Chang-kyu Kwon used his disability to find purpose as an assistant professor at Oakland University in the Human Resource Department. He teaches introduction to HRD, fundamentals of human interaction, cultural diversity in the workplace and the internship course in HRD.
Kwon earned his doctorate at the University of Georgia, joining the OU faculty in 2019.
“The reason I chose OU was because of its emphasis on diversity,” Kwon said. “During the interview process they asked me questions about diversity and how I’m going to incorporate that into my teaching.”
Kwon lost his eyesight when he was 16 years old. While playing soccer he was hit in the back of the head with a ball, the impact caused retinal detachment. He went through many surgeries, still his vision eventually faded away.
Ultimately, he found his calling as an educator during his studies. While working as a teaching assistant for his advisor during his third and fourth year at Georgia, Kwon became acutely aware of his passion for teaching.
“I am really grateful for the fact that I was able to find my purpose and passion in my life because of my disability,” Kwon said. “My life before disability, that’s kind of grey, because I really didn’t have a purpose. I really didn’t have a sense of why I’m living. It’s kind of ironic because I lost my sight, but [now I’m able to describe] my life as more vivid.”
When the pandemic hit last March, Kwon had to transition to teaching classes using Zoom. The transition was quick and unexpected. Kwon was familiar with Zoom and decided to look at the change from in-person to remote instruction as an opportunity to expand his teaching.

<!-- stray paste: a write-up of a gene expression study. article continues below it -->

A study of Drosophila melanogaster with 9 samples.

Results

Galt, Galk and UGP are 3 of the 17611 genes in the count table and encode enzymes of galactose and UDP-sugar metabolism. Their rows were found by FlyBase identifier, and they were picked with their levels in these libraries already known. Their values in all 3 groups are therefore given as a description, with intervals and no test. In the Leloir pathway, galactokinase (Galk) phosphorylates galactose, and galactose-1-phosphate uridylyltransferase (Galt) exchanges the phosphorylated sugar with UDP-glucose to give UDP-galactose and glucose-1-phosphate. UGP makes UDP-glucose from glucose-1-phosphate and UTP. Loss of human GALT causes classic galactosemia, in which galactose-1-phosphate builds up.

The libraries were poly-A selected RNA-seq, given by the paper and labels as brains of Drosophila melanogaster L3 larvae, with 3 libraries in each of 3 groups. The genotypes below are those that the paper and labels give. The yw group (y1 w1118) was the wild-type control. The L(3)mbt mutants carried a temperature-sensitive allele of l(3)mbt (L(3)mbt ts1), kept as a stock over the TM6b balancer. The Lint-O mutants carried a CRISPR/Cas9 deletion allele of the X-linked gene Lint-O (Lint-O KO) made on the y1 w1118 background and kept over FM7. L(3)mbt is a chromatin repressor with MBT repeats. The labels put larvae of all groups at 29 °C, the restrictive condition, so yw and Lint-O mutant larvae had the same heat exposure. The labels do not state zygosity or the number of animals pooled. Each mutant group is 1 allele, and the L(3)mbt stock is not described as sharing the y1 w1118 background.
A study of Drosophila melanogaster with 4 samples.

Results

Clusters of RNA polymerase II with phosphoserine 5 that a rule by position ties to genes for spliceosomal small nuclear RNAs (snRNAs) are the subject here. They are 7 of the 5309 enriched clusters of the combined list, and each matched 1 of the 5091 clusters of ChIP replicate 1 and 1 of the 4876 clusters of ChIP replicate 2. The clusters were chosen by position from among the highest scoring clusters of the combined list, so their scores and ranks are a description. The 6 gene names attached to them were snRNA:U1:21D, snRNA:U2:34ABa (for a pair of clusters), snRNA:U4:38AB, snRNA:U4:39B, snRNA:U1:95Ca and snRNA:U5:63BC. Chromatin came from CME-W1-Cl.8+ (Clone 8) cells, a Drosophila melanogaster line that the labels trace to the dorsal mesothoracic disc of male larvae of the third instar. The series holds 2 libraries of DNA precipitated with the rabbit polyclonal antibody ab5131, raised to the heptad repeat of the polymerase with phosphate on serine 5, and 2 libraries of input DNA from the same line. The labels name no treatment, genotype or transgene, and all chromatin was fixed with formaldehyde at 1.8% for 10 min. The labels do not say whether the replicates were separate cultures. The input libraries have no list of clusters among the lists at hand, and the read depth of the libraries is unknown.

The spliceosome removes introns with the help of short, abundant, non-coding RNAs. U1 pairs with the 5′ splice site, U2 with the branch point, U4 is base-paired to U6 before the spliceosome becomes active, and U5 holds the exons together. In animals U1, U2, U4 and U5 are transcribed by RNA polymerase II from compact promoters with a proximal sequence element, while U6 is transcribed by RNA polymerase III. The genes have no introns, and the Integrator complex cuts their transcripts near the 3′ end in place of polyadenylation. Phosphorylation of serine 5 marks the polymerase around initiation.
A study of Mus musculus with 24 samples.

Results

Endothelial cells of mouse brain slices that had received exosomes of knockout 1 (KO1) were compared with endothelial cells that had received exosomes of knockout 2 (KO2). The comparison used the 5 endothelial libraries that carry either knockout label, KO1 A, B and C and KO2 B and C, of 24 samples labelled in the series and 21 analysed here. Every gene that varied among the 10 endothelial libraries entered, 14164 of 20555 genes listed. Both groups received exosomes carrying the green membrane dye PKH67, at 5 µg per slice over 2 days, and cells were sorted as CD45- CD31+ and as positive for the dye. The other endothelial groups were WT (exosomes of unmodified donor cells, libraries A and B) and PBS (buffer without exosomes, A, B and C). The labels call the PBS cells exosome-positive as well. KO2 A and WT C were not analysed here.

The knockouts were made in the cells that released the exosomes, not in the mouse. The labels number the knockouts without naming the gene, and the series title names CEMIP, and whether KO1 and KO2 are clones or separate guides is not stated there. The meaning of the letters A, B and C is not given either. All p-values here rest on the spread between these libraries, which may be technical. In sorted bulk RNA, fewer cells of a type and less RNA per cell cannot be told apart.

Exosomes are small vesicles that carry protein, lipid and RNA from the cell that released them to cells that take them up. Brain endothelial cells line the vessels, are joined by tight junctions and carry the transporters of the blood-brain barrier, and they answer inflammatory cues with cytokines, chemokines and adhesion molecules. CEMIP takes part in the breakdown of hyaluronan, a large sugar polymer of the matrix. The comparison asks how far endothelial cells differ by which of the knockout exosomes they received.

Overall he felt the shift went smoothly. Still, Kwon has noticed virtual class has affected some aspects of teaching.
“I am missing the opportunity to sense what’s going on in students’ minds,” Kwon said. “In person, that’s easier than in an online environment … you can not sense the spirit like energy in an online environment. That’s been hard.”
Kwon has found his way as a professor by just being open with his students about his disability. This allows for him and his students to work together to achieve what is needed through the semester. Kwon simply asks for the communication that he needs, urging his students to be verbal with him throughout the semester.
Kwon does his work in Moodle and by sending emails, he uses a screen reader to examine texts and relies on audio readings to navigate through his computer.
“If I lost my sight 20-30 years ago, I don’t think I would have even studied like this at a graduate level,” Kwon said. “Because at that time there was no screen reader that translates visual information on the computer or screen or phone into speech.”
The programs that Kwon relies on for work are functional, but still not perfect. With the recent surge in remote technology, Kwon has noticed that awareness of necessary improvements has been increasing. He is hopeful technology will continue expanding so visually impaired people like him can find their passions and contribute as important members of their communities.